People often tell me how lucky I am to live in the heart of the Texas Hill Country. While I do feel fortunate to spend my days in such a scenic part of our state, it’s something I usually take for granted. After all, I grew up here. The Guadalupe River was my summer swimming pool; the wooded, rocky terrain was my playground; and it was not unusual to visit a weekend craft market in small towns like Boerne, Wimberley, Gonzales or Fredericksburg long before these towns became tourist destinations.
Finding good stories is like growing up in the Hill County. They can be easily overlooked if they’re part of the daily routine, but when shared with an outsider, these ordinary experiences could be considered extraordinary.
More times than I can count, I’ve found myself sitting across from a client brainstorming story ideas when they suddenly say, “I don’t know if reporters will find this interesting, but…” They go on to share something that seems completely routine, but when viewed through the eyes of an outsider, it’s the exact story for which we’ve been searching.
Some of my favorite instances include human interest stories. For example, while establishing a new relationship with a local construction company, we learned that it had a female intern working on one of its high-profile projects. While having an intern is certainly routine, the fact that a female was pursuing a career in a male-dominated industry made the story newsworthy. Indeed, it garnered a segment with Natalie Solis on KDFW-TV and a story with The Dallas Morning News.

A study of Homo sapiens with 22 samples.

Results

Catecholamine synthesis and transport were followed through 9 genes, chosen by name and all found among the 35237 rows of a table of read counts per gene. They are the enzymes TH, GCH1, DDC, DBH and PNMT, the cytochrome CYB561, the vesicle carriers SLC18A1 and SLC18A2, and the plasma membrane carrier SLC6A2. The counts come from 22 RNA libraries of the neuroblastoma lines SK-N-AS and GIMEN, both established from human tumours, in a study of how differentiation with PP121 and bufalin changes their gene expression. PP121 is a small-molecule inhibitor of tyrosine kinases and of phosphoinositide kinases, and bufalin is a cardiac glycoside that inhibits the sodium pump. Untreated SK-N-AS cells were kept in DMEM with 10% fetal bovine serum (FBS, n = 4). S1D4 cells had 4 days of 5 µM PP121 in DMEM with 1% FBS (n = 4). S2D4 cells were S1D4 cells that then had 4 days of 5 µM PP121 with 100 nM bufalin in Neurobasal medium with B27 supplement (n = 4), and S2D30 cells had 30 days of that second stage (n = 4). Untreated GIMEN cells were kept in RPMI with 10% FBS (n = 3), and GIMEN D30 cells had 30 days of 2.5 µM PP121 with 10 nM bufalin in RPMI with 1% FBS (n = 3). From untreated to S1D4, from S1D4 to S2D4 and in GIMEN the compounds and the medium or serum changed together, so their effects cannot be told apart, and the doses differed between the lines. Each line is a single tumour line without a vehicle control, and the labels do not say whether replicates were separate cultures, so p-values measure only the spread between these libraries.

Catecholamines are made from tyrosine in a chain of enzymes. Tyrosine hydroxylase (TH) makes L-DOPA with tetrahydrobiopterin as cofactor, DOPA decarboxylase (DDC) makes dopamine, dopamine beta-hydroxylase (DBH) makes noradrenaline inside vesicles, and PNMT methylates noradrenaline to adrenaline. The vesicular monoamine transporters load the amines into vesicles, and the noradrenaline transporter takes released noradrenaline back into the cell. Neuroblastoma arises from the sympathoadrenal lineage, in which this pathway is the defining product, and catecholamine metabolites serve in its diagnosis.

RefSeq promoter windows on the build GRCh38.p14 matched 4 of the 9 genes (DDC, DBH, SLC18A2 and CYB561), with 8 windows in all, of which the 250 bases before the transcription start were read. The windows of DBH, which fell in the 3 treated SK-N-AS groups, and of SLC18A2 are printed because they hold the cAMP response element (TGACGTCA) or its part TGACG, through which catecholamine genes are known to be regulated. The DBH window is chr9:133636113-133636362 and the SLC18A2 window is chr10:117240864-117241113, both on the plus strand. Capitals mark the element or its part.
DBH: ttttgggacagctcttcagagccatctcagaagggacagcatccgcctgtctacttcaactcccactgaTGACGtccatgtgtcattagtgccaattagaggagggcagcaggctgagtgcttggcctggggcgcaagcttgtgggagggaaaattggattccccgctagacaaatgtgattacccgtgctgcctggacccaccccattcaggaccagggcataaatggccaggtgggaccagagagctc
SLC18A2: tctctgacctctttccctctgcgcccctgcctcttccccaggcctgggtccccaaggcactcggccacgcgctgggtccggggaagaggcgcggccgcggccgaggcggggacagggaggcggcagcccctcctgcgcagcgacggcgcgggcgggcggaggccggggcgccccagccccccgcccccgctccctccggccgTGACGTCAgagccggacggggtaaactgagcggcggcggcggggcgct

Heart-warming, philanthropic efforts are also often overlooked when engaging in community activities is simply part of the company’s culture. This was the case with a local financial institution, which over the course of a week sent teams of bankers to volunteer with a teenage artist to paint a mural on a nonprofit daycare center’s wall. They directly involved the kids at the daycare center by incorporating their handprints into the artwork. The strong visual elements of these adults working with the kids to put their handprints on the wall were too tempting for several local television stations to pass up.
Engaging in new processes, especially something that no one else is doing, or taking a new approach to a standard practice, can be another missed opportunity. These types of stories are especially well-suited for trend pieces, best practice columns or thought leadership guest articles. For instance, Cooksey works with an engineering and architecture firm that engages in an innovative strategic planning process. While most companies develop a strategic plan, the final product often gets shelved and is quickly forgotten until it’s time to go through the process the following year. That’s not the case with this client. Strategic planning is a year-long process that includes identifying long-term trends and short-term objectives. It’s presented to all employees in a way that helps them understand the individual role they play in the company’s success, and provides tools for measuring their performance. This unique approach to a standard practice has generated multiple guest article opportunities in a wide range of trade publications.
In journalism and media relations, there are some commonly known rules about what makes a good story. Reporters will tell us they’re interested in anything that is new or first. Public relations professionals will add to that list anything that involves children or animals (and if you have both, it may be a lead story!). But there’s much more to a good story than the items on this list. As you’re looking for stories to tell, don’t discount the ordinary parts of your day. Think about the people you work with, the community projects you’re engaged with and the processes that you’ve recently put into place. It’s likely that somewhere in this daily routine there are a few stories that could get some media attention.